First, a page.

Apple has been fighting the Indian government over approving an iOS app to block spam calls and texts in the region for some time now. A new report from Reuters suggests that Apple has changed its tune slightly, agreeing to provide assistance to help make such an app, but with ‘limited capabilities’.
Apple does not want to give a third-party app access to iPhone call logs on privacy grounds, but it’s not clear what compromise has been reached.
Native to the iOS platform, it is possible for users to block texts, phone calls and FaceTime communication from particular senders.
For iMessage chats from unknown recipients, Apple even exposes one-click buttons to report unsolicited messages as junk.
New in iOS 10, Apple added a third-party extension API to enable developers to create apps that can block incoming calls as they come in.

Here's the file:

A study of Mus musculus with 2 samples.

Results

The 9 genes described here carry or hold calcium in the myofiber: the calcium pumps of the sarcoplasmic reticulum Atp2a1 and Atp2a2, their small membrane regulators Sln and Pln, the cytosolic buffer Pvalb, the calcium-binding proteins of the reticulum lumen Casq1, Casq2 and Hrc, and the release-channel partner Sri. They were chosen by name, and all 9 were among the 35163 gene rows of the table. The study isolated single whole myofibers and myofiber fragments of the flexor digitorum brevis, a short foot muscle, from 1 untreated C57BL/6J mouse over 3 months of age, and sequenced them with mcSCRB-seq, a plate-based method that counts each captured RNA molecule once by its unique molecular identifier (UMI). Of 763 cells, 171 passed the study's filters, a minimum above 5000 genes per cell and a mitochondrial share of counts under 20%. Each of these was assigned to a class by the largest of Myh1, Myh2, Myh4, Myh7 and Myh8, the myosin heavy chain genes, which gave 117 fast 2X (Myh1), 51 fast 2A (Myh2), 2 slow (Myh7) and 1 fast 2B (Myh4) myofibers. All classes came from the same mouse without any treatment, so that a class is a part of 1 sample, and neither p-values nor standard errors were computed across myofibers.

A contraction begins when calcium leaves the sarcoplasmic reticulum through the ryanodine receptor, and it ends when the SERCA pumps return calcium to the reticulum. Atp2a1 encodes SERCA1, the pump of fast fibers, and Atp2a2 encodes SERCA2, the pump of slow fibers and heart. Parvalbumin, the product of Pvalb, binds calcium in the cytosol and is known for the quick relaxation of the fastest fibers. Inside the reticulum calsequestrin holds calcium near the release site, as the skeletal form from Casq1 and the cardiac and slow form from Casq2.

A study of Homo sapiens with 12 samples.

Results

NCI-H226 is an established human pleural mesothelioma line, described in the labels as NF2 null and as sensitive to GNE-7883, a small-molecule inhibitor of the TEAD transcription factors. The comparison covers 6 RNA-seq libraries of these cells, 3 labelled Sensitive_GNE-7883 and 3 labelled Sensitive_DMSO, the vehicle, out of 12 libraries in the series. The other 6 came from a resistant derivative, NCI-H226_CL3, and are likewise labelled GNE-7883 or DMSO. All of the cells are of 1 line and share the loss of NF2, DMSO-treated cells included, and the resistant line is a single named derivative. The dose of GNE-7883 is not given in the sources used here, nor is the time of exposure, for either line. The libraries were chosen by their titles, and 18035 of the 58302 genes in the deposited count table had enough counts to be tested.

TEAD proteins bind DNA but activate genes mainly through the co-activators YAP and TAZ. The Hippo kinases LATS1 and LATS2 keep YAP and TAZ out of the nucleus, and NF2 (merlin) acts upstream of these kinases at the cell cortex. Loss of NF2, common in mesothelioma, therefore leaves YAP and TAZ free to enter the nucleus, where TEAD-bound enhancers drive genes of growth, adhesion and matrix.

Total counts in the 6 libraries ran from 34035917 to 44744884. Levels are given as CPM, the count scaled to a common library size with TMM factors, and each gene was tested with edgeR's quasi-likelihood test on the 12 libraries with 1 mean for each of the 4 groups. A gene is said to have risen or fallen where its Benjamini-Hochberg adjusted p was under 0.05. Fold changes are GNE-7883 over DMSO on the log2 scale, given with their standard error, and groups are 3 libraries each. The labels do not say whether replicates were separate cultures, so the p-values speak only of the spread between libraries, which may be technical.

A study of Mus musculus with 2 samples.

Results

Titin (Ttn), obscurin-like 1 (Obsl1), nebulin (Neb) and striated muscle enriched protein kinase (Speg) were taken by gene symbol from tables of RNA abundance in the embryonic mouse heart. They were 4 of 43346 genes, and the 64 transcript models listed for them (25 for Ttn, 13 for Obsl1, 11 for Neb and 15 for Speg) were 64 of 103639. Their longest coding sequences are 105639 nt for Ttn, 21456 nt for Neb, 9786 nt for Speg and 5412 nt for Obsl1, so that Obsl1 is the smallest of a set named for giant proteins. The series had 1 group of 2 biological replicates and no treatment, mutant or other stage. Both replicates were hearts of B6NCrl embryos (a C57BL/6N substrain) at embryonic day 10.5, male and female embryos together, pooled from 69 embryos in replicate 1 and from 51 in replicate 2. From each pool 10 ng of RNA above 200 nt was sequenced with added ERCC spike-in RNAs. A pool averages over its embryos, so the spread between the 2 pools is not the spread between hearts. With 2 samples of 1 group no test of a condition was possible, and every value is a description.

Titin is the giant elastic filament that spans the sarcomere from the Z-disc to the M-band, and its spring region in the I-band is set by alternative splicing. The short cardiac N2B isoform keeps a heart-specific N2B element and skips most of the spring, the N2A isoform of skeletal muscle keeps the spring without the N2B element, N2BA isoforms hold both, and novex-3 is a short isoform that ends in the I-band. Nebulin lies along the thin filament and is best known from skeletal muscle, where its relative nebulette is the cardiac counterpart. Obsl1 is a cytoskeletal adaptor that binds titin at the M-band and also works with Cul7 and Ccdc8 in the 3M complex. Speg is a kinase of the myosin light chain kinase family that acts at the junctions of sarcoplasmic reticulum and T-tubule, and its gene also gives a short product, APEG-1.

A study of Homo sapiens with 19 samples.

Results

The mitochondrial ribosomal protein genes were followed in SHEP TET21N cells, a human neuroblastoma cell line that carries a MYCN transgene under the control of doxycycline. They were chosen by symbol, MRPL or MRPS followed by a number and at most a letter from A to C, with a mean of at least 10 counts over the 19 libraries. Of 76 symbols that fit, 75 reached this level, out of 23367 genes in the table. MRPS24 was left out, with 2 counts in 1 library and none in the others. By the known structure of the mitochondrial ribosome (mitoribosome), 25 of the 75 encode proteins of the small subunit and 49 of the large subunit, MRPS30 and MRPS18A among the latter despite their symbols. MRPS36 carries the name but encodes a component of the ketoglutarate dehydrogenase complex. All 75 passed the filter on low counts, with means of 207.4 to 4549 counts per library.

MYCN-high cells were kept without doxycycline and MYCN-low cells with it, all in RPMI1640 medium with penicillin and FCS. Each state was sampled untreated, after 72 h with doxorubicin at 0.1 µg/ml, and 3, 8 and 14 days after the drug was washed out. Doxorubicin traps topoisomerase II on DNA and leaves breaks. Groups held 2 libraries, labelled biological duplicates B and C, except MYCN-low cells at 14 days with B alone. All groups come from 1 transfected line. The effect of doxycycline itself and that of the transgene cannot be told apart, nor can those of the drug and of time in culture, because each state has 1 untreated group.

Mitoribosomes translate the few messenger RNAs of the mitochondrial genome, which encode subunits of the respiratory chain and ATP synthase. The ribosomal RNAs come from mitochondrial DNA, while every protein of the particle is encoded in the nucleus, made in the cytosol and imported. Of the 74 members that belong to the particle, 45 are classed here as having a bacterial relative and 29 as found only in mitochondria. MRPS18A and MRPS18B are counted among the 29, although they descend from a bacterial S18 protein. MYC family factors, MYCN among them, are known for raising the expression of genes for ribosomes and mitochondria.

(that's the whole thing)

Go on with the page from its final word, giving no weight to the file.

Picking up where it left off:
Apple reportedly said that some features of the Indian government’s proposed application would not be possible. For example, it is not possible for a third-party app to access data about the phone’s recent calls.
It is unlikely that Apple would allow such an app to be created as it would weaken its global privacy stance and open the floodgates for other governments to request similar access.
However, Apple’s initial refusal to cooperate was not received well by Indian representatives and Apple has reportedly flown multiple executives to discuss options with the Indian regulator.
Reuters says Apple agreed to help develop a version of the app ‘with limited features’ in October, but the Indian regulator TRAI remains frustrated:
“They (Apple) are adopting dilatory tactics,” said Sharma, the TRAI chief. “They’ve had meetings, meetings and meetings.”